Publicado: 30/05/2022

Washington (AFP) -

US President Joe Biden said Monday he would not send rocket systems to Ukraine that could hit targets well inside Russian territory, despite urgent requests from Kyiv for long-range weapons.

'We are not going to send to Ukraine rocket systems that can strike into Russia,' Biden told reporters in Washington.

Pro-Western Ukraine has received extensive US military aid since Russia invaded its outgunned neighbor in late February, but says it needs long-range rockets equivalent to what Moscow's forces use.

Kyiv has asked the United States for mobile batteries of long-range rockets, the M270 MLRS and the M142 Himars, which can launch multiple rockets at the same time with a range of up to 187 miles (300 kilometers), eight times or more the distance of artillery in the field.

This could give Ukrainian forces the ability to reach, with great precision, targets far behind Russian lines, though it is unclear if that is their intent.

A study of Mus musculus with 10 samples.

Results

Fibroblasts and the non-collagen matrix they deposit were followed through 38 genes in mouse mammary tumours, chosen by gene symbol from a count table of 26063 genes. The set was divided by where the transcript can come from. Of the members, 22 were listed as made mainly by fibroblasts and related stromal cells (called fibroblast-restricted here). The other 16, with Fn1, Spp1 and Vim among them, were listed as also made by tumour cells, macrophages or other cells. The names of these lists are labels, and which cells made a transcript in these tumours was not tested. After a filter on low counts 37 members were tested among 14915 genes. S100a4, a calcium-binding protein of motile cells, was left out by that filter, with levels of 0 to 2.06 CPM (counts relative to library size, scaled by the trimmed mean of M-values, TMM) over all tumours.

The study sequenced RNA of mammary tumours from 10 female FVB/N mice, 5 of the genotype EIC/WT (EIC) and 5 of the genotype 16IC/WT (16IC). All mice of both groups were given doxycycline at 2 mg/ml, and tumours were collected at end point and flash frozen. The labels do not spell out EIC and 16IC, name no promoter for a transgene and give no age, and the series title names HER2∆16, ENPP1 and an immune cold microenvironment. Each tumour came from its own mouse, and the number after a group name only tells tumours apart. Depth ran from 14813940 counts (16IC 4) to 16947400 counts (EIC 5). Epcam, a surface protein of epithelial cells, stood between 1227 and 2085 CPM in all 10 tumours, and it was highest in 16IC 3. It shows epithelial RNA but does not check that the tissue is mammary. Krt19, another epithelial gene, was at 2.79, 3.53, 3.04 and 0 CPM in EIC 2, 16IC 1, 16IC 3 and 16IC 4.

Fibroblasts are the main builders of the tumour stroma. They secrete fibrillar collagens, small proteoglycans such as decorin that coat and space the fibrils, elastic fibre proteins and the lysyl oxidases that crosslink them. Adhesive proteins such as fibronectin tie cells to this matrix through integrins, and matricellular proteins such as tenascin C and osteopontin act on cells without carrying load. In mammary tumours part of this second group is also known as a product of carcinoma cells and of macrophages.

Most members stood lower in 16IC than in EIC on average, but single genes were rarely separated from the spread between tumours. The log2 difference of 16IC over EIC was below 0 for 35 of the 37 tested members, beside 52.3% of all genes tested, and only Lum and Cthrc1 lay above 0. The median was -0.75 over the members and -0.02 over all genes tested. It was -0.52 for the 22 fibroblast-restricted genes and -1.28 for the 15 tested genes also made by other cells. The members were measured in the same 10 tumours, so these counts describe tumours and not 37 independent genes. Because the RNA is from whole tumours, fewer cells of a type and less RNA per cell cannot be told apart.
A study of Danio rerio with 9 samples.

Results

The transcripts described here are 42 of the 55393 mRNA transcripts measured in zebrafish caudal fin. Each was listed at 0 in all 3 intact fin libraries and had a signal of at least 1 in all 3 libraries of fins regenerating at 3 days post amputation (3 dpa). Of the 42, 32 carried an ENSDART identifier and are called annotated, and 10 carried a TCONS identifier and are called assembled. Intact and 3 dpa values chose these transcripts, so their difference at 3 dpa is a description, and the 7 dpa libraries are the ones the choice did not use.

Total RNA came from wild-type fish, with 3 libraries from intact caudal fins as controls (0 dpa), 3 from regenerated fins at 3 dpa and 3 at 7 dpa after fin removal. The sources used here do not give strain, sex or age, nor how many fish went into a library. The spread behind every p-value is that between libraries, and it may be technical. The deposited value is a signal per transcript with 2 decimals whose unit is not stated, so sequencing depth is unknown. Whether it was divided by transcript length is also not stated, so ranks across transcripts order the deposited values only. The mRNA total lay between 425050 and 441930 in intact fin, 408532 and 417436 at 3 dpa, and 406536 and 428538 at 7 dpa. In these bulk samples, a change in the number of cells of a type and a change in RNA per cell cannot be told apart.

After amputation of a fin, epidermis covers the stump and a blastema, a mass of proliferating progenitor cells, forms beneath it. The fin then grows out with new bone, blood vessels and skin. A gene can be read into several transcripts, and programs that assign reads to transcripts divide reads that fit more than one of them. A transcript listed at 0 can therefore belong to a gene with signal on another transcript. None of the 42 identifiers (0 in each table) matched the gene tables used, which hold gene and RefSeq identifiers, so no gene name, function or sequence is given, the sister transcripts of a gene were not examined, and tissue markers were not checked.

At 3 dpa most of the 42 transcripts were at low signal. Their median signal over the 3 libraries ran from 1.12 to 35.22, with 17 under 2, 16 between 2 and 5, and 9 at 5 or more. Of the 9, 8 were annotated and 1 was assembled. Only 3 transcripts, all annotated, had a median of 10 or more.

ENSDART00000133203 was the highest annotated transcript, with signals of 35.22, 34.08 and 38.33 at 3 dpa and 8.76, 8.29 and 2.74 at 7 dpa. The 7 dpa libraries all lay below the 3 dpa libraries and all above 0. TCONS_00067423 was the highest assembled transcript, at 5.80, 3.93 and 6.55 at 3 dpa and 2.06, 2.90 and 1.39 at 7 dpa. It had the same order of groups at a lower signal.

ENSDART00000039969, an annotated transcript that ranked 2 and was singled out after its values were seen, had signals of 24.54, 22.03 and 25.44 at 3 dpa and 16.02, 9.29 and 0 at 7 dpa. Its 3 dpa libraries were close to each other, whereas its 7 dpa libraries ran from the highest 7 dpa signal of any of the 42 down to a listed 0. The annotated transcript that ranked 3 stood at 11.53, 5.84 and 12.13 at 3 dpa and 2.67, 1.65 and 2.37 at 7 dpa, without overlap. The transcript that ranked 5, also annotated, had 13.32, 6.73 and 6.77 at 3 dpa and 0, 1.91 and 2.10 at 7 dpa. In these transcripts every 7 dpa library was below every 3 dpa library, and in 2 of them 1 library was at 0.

The MLRS 'is really the weapon that we badly need,' Ukrainian Foreign Minister Dmytro Kuleba said last week at the World Economic Forum in the Swiss Alps, where he pressed Western allies for heavy weapons.

Ukrainian President Volodymyr Zelensky's advisor Mykhailo Podoliak echoed the call in a recent tweet, saying, 'It is hard to fight when you are attacked from a 70 km (43 miles) distance and have nothing to fight back with.'

The United States earlier in May announced another $40 billion assistance package amid speculation it included such weapons.

Republican Senator Lindsey Graham said Monday that the Biden administration's 'decision not to send these weapons is a betrayal of Ukraine and democracy itself.'

'Apparently, once again the Biden Administration is intimidated by Russian rhetoric,' he said on Twitter.

A US official said later that dispatching MLRS was still under consideration, but without long-range strike capabilities.

Since failing to capture Kyiv in the war's early stages, Russia's army has narrowed its focus and has been hammering cities with relentless artillery and missile barrages as it seeks to consolidate its control.

Moscow's forces have continued a push in the eastern Donbas region, upping the pressure on the twin cities of Severodonetsk and Lysychansk.

Ukrainian forces pushed back over the weekend in the southern region around Kherson as Zelensky seeks to crank up already hefty international pressure on Moscow.